Slight oil canning on used kayak. Big deal?

I’ve been searching high and low for a transitional kayak. I’m a newbie so I’ve been looking at the plastic boats.

I found a Perception Carolina 12 about 3 hours away for $400. Or looks in really good condition, but there’s a slight dent on the bottom. Is this something to worry about? It’s not a big area and it’s a shallow dent. I guess they just strapped it on to a track to tightly. Can it be popped back into shape by warming it up?

The dent in the bottom probably won’t be a big deal. But use it as a bargaining chip to get the price lower. If floating downstream or lazy paddling around a pond is your intended use, I doubt you’ll ever notice it. If you can test paddle the boat, all the better, make sure it doesn’t pull one way or the other. Can it be popped out? I have no experience with it, but I’ve read some posts that say they can.



[Kayak dent](View my photo at

Hard to tell in the shot from that angle but it doesn’t look all that bad. A little concerning that it seems to be deeper on the right than the left. Some shallow dents will pop out with a little cautious heat application (hair dryer on high or heat gun on low, kept moving so it doesn’t melt or scorch) – poly has a “memory” to some extent.


It might not hurt to call the factory if they are still in business. If they aren’t, I would call Current Designs and see what they suggest.

Or you could go hi-tech and do what a guy who worked at a factory that built poly boats told me. When they removed the boats from the form and found minor dents, they would pour lighter fluid in the dent and light it up. Knowing just when to blow it out and apply pressure is the trick. I wouldn’t recommend this as I have never tried it, nor seen it done.

It might be best to go to Youtube and check out the videos on the subject before you decide to buy the boat.



Are you there yet? Good price on a good boat if it meets the above criteria.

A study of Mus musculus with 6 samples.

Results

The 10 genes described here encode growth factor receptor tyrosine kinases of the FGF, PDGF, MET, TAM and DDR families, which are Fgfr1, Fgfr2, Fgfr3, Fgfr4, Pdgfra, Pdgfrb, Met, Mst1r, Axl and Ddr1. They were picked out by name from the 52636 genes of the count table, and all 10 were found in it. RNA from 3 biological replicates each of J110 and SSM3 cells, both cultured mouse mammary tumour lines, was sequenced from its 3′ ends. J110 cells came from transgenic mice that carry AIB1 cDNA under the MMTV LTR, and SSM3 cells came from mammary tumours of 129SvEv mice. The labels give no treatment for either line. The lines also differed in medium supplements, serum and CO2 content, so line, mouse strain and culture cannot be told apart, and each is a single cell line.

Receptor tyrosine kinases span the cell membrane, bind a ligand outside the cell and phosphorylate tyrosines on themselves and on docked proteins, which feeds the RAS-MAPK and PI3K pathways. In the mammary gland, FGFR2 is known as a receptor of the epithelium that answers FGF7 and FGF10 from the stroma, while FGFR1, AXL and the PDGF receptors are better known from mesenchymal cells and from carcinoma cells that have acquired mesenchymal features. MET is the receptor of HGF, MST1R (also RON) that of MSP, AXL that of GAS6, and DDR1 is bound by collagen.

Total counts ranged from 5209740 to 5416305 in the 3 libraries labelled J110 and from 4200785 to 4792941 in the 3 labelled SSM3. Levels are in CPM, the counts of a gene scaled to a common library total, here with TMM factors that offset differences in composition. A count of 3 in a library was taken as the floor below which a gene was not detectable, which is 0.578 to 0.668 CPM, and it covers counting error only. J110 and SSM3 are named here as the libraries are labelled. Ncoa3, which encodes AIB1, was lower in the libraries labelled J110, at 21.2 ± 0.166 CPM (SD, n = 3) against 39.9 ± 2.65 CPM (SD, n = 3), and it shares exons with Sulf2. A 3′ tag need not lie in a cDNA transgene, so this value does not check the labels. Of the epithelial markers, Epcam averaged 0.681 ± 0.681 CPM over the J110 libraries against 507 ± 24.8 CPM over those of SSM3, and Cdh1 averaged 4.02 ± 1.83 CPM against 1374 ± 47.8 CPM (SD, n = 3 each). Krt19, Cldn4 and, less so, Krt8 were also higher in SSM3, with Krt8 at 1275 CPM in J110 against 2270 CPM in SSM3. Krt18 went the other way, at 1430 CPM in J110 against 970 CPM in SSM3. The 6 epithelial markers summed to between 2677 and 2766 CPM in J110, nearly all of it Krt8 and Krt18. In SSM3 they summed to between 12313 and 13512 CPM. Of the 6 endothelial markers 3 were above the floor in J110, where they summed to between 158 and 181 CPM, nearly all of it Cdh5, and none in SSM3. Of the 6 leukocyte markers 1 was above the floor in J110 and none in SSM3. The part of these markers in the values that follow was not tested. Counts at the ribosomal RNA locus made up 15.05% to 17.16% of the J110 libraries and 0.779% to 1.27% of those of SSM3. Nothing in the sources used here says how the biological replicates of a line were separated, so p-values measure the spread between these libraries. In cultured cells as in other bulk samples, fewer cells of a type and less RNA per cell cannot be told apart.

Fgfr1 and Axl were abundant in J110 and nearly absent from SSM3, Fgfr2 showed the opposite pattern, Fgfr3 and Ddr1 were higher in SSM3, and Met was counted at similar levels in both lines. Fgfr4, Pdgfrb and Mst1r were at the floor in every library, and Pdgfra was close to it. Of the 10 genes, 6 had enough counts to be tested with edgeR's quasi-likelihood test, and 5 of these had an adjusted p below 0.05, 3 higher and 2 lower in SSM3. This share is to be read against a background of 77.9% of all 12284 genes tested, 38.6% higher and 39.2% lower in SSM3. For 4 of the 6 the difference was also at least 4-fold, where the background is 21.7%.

Yeah. I’m getting it. :blush: I’m off to go get the cash now.

Congrats! Enjoy the new boat!



Only thing I am seeing is a possibility that it is near the rear bulkhead, but I really can’t tell for sure. If it is and you find there is a slight leak into the rear, like from behind the seat, it’ll probably seal up just fine with adding some Lexel along the bottom. Any hardware store.




I wish it didn’t have the dent on bottom, but my hunch says there will be quite a few used plastic boats with that sort of damage. I’ve had a hard time finding an used boat at all (that isn’t a fishing boat or a rec boat) in my rural location.

The dent on this one looks minor. So I hope I’m not wasting my money. If the weather holds out, maybe I can meet him somewhere to put it in the water first.

At $400, a Carolina is a good kayak to keep for family/friends to use or that day you go on a really rocky river or stump-filled lake paddle.

I know magooch is mostly joking but do not try the lighter fluid trick. I used to do a lot of surfboard repairs on a large heavy polypropylene table my wife bought for projects. When she was out of town I had a slight accident with epoxy that I had added too much hardener and it would not go off and solidify normally, I was adding stuff to it and spilled the whole batch on my wife’s craft table. The mess turned into partially liquid/partially goo mess. A friend of mine suggested putting a thin film of lighter fluid on it and lighting it off the so the liquid would burn off. This was a VERY BAD idea, as the flame creates a lot of heat at the surface. The surface of the table curled up faster than I could spray it with water and made a 4 inch bowed surface. I ended up doing a lot of cutting, inserting, and sanding and it still looked like I had set an napalm bomb off on the table. Wife was not happy.



As a follow up. I got another picture. Am I imagining a gouge in the same area as the dent?


I’m starting to think I need to step back. I hate to yank the seller around, but as my first kayak, I’m not sure I need to buy one with damage.

The boats my friend has have no dents or anything other than mild scratching and she’s used them for years.

I don’t see a gouge, just a mark on the hull. The oil-canning looks milder from that angle. I wouldn’t sweat it based on the photos if you want/need something now and the pickings are slim.